Moving/Change of Station

Mentoring Tips

Make one-to-one mentoring easier by learning what to do and what not to do.  Click to learn more.

Tip#1 – Find your PLACE

  • Pray: simple yet powerful act
  • Listen: people want to feel heard
  • Ask: good questions foster productive dialogue
  • Consider: think slowly and biblically
  • Encourage: uplift rather than beat down
Tip#2 – Avoid the common mistakes

  • Fixing: this is a person, not a project
  • Preaching: walk alongside, don’t talk at or down to them
  • Carrying: show concern but don’t carry too heavy a burden
  • Blaming: no condemnation in Christ Jesus
  • Rescuing: you are not their savior!
    • Tell me about yourself.  What was it like for you as a child?  Where did you grow up?  Did you stay in one place or did you move?  Did you move often?
    • How many military moves have you made?  Where have you been stationed?  Which was your favorite place and why?  Where didn’t you like living and why?
    • What is your general attitude toward moving?  How does your spouse view moving?  Your children?
    • When you talk about moving to your children, what attitude do you convey?
    • What is it about moving that worries you? Scares you? Makes you feel negatively toward this change?
    • What have you done to try to make moving a more positive experience?
    • What do you think you could do to make things go more smoothly and to help the family better cope with this change?
Deeper Questions
    • When it comes to moving, how completely do you trust God to meet all your needs in the relocation process?  What do you not trust Him to do in this move?
    • How willing are you to work on your faith and trust levels with God?  How could you grow in these areas?
    • HoHowHowHow connected are you to a local church family?  Describe your involvement with worship, activities and service opportunities.
    • What attempts have you made to become part of the local community?
    • How has your concept of being a military spouse changed over the years?  Are you and your spouse in agreement as to the length of time of his/her service to the country?  If not, what issues need to be addressed so that you can come to a consensus?
    • Does your attitude toward the military and your spouse’s involvement there positively or negatively affect your family?  How?
    • Prior to your most recent move, what issues were impacting your family in a negative way?  Have those issues improved, worsened or stayed about the same since the move?  What plans do you have to either improve the situation or maintain a healthy marriage?
    • As a result of this move, what change(s) have you seen in your family relationships (positive or negative)?
    • Knowing that a move can often create all kinds of issues within the family, what area(s) in your family relationships would you like to see change?  How can I help you accomplish those changes?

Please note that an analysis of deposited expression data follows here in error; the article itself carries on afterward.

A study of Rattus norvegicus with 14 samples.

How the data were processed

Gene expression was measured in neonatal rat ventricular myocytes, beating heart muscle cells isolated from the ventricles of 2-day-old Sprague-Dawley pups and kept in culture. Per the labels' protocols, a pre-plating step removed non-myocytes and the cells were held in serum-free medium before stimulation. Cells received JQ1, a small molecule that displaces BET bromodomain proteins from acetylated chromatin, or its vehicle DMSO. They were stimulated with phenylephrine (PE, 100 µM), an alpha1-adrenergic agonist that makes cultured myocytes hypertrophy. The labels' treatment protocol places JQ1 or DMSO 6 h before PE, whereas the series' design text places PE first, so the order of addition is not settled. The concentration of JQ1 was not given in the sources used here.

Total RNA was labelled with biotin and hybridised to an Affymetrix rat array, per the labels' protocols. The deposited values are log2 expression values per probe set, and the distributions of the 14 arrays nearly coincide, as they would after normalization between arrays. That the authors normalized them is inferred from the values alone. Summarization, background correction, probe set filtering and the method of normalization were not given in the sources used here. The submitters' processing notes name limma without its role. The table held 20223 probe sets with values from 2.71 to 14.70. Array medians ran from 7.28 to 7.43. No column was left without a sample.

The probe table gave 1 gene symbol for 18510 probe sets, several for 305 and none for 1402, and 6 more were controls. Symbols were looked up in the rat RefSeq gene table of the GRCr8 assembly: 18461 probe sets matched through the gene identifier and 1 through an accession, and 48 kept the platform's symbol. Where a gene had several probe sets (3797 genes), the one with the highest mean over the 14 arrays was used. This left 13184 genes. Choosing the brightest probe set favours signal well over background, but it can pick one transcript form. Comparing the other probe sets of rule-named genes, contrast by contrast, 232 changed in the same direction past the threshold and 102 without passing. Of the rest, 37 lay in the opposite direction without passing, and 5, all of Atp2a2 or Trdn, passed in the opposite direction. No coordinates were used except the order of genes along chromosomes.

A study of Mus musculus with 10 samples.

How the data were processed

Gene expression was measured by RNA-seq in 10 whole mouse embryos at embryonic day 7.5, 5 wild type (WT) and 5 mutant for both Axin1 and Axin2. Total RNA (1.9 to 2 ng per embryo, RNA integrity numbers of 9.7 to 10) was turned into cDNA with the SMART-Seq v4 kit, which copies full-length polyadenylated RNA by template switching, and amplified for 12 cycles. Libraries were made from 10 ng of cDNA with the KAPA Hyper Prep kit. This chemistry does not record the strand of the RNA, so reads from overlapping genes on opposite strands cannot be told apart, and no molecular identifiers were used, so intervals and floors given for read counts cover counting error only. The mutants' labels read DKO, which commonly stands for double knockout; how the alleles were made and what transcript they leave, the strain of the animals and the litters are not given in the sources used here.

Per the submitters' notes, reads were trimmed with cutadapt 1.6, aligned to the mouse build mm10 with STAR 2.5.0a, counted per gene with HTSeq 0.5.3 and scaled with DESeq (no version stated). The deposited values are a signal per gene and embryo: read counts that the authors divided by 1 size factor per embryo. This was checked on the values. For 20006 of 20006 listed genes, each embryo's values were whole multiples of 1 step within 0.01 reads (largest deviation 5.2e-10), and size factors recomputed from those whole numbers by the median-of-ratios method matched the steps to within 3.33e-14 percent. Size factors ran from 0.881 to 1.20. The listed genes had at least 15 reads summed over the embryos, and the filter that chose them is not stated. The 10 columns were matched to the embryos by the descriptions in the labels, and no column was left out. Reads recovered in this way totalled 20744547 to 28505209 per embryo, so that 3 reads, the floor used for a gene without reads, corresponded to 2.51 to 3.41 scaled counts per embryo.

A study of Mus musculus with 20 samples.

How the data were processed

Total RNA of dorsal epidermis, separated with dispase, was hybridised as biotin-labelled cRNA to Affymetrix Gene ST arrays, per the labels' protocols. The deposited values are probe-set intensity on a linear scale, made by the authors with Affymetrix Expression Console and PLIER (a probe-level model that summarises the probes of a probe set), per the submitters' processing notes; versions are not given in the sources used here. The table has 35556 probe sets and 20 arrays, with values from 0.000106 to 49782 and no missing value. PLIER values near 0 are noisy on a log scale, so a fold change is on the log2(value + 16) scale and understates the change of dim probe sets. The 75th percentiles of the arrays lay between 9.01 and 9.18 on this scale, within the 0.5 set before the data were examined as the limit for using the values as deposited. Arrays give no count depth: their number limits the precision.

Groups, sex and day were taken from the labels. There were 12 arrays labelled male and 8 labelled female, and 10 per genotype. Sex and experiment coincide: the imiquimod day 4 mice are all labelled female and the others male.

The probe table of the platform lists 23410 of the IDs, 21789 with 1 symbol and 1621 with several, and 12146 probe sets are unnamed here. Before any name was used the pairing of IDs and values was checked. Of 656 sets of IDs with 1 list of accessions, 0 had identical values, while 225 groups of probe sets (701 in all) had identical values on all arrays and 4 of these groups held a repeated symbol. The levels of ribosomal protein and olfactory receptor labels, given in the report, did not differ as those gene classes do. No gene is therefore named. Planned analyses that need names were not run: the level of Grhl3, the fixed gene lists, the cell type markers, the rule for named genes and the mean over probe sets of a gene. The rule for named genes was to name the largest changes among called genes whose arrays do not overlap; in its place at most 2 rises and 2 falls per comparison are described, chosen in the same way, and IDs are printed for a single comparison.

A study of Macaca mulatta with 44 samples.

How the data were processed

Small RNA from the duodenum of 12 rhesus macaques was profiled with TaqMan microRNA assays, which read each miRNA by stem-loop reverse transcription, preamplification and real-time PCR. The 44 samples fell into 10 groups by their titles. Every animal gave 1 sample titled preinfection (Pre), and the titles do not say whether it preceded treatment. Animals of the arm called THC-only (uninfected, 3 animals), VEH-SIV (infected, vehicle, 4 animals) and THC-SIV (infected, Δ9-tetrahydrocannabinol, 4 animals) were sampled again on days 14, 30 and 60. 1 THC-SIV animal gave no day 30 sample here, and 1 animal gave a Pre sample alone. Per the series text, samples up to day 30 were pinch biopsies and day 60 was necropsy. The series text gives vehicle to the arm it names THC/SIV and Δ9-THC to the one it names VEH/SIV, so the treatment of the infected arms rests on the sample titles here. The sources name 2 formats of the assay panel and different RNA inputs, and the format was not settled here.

• How have personalities (i.e. introvert/extrovert) played into how you, your spouse and/or your children experienced this move?
    • Who have you found to be a source of help, hope, or support in difficult times? (Individually, as a couple, and as a family)
    • How connected are your children in their new school? Your church? What can you do to help them assimilate into their new surroundings? What are you doing to promote good friendships for them?
    • What can you do to make your new house feel like “home” to your family?
    • What cultural differences do you see in this new place compared to where you were before? How have those differences affected you personally and how has your family been affected?
Online Helps
Other Ministry Links
Next Steps
    • Continue to reach out for help and guidance as you go through this transition. Don’t isolate yourself from the body of Christ and community that you need.
    • Read any of the online articles listed in this guide and discuss it with your spouse or mentor.
    • Memorize one of the scriptures in the hope and help sections of this guide.
    • Read one of the books listed in this guide or choose a section to read and share your thoughts with a friend or mentor.
    • Discuss your feelings about this move with your spouse; be open and transparent, speaking the truth in love.
    • Have a family meeting and have everyone share his/her feelings about the move in a relaxed environment. Help your children realize that it’s okay to feel a little afraid or even angry, but encourage them by sharing that you are in it together and you will all get through this change. Try to focus on the sense of adventure that comes with a move.
    • Remember that you are not alone. All military families move as well as other occupations that require relocation. There are many families in the same position as you right now, right here on this post/base.
    • Spend quality time with your children, listening to their concerns and needs.Help them to get settled. Be an example of reaching outward rather than inward.
    • Find a church or local body of believers that suits your family’s needs as soon as possible. Get involved!
    • Discover what sorts of activities are available for your children and family in the community. Again, get involved. Be an initiator.
    • Join a small group for couples and begin to build a support network.
    • Remember that the Lord loves you and is always there for you. He’s just a prayer away!
    • Support your spouse and don’t blame him/her for any anxiety you are experiencing.
    • Plan adventures with your children to investigate the culture, language and sights of the place where you will be living. Take advantage of the opportunity you have to experience living in this new area.
    • Take lots of pictures and make a scrapbook of the adventures you experience while living here.